Like most people, I often find the constant Brexit headlines and endless TV reports pretty boring. But it’s dangerous to put your head in the sand about the subject - especially if you’re an employer. Here’s what you should be doing now to weather the Brexit storm, says Darren Ryemill…
The rule of etiquette – in business, down the pub or at the dinner table, used to be ‘never discuss politics or religion’. I think now you can safely add Brexit to that list – and not because people don’t have opinions on it - instead because people are thoroughly bored of it. But the worst thing employers can do right now is to ignore what’s happening. They need to start making sure they’re in as strong a position as possible, so when any changes do start happening, they’re not a horrible shock. Latest research shows, only a third of UK businesses are currently prepared for Brexit. Make sure your company doesn’t sit with that 66% of businesses just waiting for something to happen…and take control today.
So, what can we do? Surely it’s all down to Theresa May and we can only wait? Well, frankly…no. Brexit is already having an effect in the marketplace - large numbers of EU workers are considering leaving the UK, companies are moving head offices away from London, the exchange rate has been hit – all these things indicate what may be ahead. And one thing is for certain; it’s going to be harder to recruit. I voted Remain for stability and for access to the top quality people. I believe it’s better if our candidate pool is as large as possible, with talented people from all around the globe. So I don’t think Brexit is great news but likewise, it’s not all doom and gloom. The UK economy is still continuing to grow and I believe that in every change there’s an opportunity. So there will definitely be some upsides.
For example, cities like Berlin, Amsterdam and Dublin are already benefitting as businesses look to relocate to – or put a presence in the EU. Opus are a British business – and proud to be so – but we have a global footprint, so we’re expanding in the EU to increase our presence there. We want to make sure that irrespective of what deals do or don’t happen, we keep our trading as strong as possible. And the CEO’s of many of our clients are doing the same – if you’re Europe’s next big, IT startup business, for example, why would you locate in London when you could be in a tech-savvy city like Berlin? But it’s time to seize opportunities like this now, rather than leave it to the last minute.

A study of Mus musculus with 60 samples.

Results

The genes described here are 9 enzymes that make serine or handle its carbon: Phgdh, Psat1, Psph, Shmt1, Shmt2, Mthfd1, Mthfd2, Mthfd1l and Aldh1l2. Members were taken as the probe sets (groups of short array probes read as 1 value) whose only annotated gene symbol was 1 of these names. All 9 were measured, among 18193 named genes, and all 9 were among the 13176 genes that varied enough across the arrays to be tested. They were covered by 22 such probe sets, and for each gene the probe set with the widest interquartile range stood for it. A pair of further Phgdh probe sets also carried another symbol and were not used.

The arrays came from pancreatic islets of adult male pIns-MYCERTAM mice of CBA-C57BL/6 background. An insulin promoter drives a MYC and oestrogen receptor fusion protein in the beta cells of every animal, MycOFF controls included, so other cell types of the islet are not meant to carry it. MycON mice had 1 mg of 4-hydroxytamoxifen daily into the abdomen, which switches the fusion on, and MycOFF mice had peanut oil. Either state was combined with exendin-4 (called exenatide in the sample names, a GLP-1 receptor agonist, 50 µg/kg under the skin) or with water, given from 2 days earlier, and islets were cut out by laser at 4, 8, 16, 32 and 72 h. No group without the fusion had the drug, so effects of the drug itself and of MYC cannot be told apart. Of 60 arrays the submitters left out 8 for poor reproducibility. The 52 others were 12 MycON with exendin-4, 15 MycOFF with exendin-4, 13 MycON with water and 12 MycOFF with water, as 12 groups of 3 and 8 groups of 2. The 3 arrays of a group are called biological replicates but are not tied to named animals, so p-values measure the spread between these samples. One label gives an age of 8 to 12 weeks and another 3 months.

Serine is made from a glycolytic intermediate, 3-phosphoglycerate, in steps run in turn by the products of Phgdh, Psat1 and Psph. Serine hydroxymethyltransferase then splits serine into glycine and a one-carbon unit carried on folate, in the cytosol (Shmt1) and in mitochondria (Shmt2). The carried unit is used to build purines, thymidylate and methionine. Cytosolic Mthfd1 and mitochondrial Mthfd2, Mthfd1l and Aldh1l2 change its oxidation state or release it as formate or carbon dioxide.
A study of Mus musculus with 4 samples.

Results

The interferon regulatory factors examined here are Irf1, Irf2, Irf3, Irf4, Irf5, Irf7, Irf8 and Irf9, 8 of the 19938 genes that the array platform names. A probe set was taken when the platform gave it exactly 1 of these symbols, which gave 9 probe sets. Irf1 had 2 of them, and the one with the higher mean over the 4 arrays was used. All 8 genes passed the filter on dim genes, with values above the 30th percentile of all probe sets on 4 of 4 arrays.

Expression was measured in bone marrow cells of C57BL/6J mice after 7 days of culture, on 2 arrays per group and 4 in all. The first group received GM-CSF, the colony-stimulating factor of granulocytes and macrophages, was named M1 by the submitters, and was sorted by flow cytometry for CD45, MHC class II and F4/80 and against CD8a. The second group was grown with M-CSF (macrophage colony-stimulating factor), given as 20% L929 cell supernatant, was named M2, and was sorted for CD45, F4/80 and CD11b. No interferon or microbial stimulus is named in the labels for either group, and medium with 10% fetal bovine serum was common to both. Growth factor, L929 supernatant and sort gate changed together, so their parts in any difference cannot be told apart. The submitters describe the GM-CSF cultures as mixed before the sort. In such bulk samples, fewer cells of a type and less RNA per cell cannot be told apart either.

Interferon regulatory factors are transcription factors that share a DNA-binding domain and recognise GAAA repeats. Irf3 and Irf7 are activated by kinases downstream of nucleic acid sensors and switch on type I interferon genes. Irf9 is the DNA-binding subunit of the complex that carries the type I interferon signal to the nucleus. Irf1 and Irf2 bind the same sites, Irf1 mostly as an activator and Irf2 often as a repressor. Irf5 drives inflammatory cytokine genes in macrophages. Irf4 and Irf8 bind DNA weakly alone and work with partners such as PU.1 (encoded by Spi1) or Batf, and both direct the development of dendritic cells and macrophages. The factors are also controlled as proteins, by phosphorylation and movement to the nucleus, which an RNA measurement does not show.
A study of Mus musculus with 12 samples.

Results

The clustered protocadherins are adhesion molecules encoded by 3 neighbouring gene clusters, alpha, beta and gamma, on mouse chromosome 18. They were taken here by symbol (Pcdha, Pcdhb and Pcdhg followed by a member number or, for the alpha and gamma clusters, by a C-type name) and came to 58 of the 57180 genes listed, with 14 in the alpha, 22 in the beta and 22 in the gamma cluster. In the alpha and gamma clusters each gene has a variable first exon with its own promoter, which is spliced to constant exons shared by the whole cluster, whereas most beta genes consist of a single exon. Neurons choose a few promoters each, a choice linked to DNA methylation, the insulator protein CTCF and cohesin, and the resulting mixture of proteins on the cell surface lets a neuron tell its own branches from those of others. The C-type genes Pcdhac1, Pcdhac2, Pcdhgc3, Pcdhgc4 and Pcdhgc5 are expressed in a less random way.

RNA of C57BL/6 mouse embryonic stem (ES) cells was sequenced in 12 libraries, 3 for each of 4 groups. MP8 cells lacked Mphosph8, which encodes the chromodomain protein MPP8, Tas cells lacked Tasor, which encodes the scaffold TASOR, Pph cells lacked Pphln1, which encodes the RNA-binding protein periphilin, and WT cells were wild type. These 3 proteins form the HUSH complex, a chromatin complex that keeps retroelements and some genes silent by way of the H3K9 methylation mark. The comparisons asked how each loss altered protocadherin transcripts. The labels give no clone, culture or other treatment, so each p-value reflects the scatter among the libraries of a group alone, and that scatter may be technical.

If expanding – or relocating your business isn’t an option, there is something all employers can start doing today. Communicating with – and looking after their staff. People are every businesses core asset – and companies need to look after them now like they never have before. Currently, about 6% of the UK workforce is from the EU (3.2 million) and 47% of these high-skilled workers are considering leaving the UK in the next five years – and that’s just the skilled workers. So businesses need to start upskilling their existing employees to fill those positions. They need to start training and developing staff and to put them on a good career journey. There’s about to be high competition for brilliant skilled workers, so your employees will get poached unless you’re offering them something better.
A saying I’m fond of that I think sums this up is this – the best time to plant a tree was twenty years ago, the second best time is now. In other words, ideally the UK – and the world – wouldn’t be facing the massive skills shortage it is in areas like nursing, engineering and technology. But it is – and we can’t ignore it. So businesses need to invest in staff and implement a proper, talent attraction strategy. They need to get hold of good employees and look after them like never before. They need to start planting trees.
Following on from this, I strongly believe companies should also be recruiting people from a more diverse background – and taking advantage of the skillsets we do have in the UK. For example by making use of probably the most underused resource in the world – female workers. Companies should be supporting people with flexible hours, addressing the gender pay gap and getting this valuable section of the workforce as engaged as we possibly can. Anything that gives businesses a greater pool of candidates needs looking at – and that applies to skillset too. So I might decide a candidate hasn’t got the exact skills I’m looking for – but they’re a positive person with the right attitude, so I’ll recruit them and train them up myself. In short – employers need to start thinking differently.
My hope for Brexit is that it could lead to us being a much more inclusive in terms of employment. And certainly, from a recruitment perspective in the UK, I think there’ll be an increased need for agencies like ours as the war for talent becomes more intensified. And that can only be good for the talent too.